I’ve heard a lot of great things about the novels of Brandon Sanderson over the past few years, especially once he had written the completion to The Wheel of Time series and was firmly on the radar of most fantasy readers. As a teen and young adult I read a lot of fantasy, including a lot of bad fantasy. This soured me on the genre for a while, but getting into A Game of Thrones 6-7 years ago and then discovering The Name of the Wind has brought me back to fantasy. And I’m glad it did because I was now able to greatly enjoy Mistborn: The Final Empire.
The Final Empire is a land where the hero lived long enough to become the villain, and everyone else is subservient to the Lord Ruler–the nobles, his ministerial church made up of Obligators and Inquistors, and the Skaa who are the bulk of humanity. The Skaa live to serve the nobles and The Lord Ruler and have harsh lives of toil in plantations, factories, or cities. The world is a dystopic post-apocalyptic late medieval setting where ash constantly falls from the sky, all plants are brown, and supernatural mists cloud the land at night.
Magical power is tied to those fortunate few who have the genetic gift of Allomancy, the ability to swallow and burn select metals within their body to increase their strength, hide themselves, to push metal coins at enemies as though they were bullets, or pull yourself up to a metallic window ledge in the air. Most people with this gift can only burn one of the metals with Allomantic properties, but a few rare souls–called Mistborn–can burn all ten.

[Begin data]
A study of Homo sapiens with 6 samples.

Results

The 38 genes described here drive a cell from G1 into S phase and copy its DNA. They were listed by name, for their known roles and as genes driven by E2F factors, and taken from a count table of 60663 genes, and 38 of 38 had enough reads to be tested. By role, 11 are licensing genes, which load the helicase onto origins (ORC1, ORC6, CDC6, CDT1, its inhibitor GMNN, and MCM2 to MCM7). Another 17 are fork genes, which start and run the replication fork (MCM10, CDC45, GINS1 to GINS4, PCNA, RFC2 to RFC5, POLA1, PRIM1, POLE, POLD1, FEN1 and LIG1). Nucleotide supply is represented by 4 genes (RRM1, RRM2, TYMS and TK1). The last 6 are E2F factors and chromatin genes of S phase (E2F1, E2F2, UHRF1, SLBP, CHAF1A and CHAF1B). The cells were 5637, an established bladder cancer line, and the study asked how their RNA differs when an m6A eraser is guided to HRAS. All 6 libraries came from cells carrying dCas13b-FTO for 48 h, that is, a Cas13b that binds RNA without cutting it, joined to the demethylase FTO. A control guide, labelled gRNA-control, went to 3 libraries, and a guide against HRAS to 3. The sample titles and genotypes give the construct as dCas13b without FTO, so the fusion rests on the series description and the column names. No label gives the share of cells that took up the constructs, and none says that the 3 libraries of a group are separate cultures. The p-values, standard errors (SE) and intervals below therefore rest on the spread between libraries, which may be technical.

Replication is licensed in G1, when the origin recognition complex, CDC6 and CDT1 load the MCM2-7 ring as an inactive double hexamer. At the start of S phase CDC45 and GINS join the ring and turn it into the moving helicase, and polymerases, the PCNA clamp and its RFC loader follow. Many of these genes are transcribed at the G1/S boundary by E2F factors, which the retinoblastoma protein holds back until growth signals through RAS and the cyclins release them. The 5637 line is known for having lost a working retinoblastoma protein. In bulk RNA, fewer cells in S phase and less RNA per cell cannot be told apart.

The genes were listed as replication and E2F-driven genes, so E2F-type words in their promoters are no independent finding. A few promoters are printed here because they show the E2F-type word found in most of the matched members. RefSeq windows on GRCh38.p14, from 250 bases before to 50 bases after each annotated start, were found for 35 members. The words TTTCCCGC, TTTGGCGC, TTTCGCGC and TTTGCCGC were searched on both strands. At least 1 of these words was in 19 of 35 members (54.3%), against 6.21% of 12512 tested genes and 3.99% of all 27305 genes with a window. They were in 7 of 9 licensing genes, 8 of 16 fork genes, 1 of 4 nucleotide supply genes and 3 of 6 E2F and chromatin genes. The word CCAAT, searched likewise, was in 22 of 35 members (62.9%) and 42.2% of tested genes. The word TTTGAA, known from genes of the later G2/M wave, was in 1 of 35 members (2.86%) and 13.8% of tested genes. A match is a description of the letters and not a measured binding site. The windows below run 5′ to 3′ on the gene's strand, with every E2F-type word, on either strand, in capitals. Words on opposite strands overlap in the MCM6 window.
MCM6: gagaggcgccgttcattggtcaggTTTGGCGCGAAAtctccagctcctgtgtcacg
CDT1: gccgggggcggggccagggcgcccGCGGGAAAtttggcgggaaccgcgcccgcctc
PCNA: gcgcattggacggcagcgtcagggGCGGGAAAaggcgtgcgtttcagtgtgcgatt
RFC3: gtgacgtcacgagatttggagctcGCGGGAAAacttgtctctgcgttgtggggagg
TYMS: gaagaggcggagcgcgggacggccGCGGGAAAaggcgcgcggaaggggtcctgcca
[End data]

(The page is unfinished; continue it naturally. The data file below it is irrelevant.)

I won’t go into too much detail about the plot, other than to say it concerns a crew of Allomantic thieves who plan to overthrow the Lord Ruler, but be warned that this book is epic fantasy–there will be a great length of the book devoted to political schemes and long infodumps of exposition about the setting. The magic systems are impressive and seem to follow the rules well enough that the critical climaxes of the book seem like logical progressions of the rules and not a Deus Ex Machina. Sanderson is a skillful and prodigious writer who has a lot of ideas to share, but doesn’t waste much space on florid prose or sensory descriptions to aid versimilitude. A friend of mine, Tex, described him as “Pretty good worldbuilding, pretty workmanlike prose. He’s prolific as hell though, so there’s plenty of material.” I think that’s a fair summation of Sanderson’s style, although there are moments here and there than transcend his workmanlike prose and extend into the sublime.
This is a dense book, big enough for it’s length to become intimidating. I checked an audiobook version out from my library–this is my favorite way of getting past the barrier of entry to books I know I need to read, but might not immediately grab my attention. With the next Mistborn novel I will go for a print or ebook version. I’ll wait a month or two beforehand to cleanse my palate with another genre until I get ready to tuck myself back at the festal table of epic fantasy.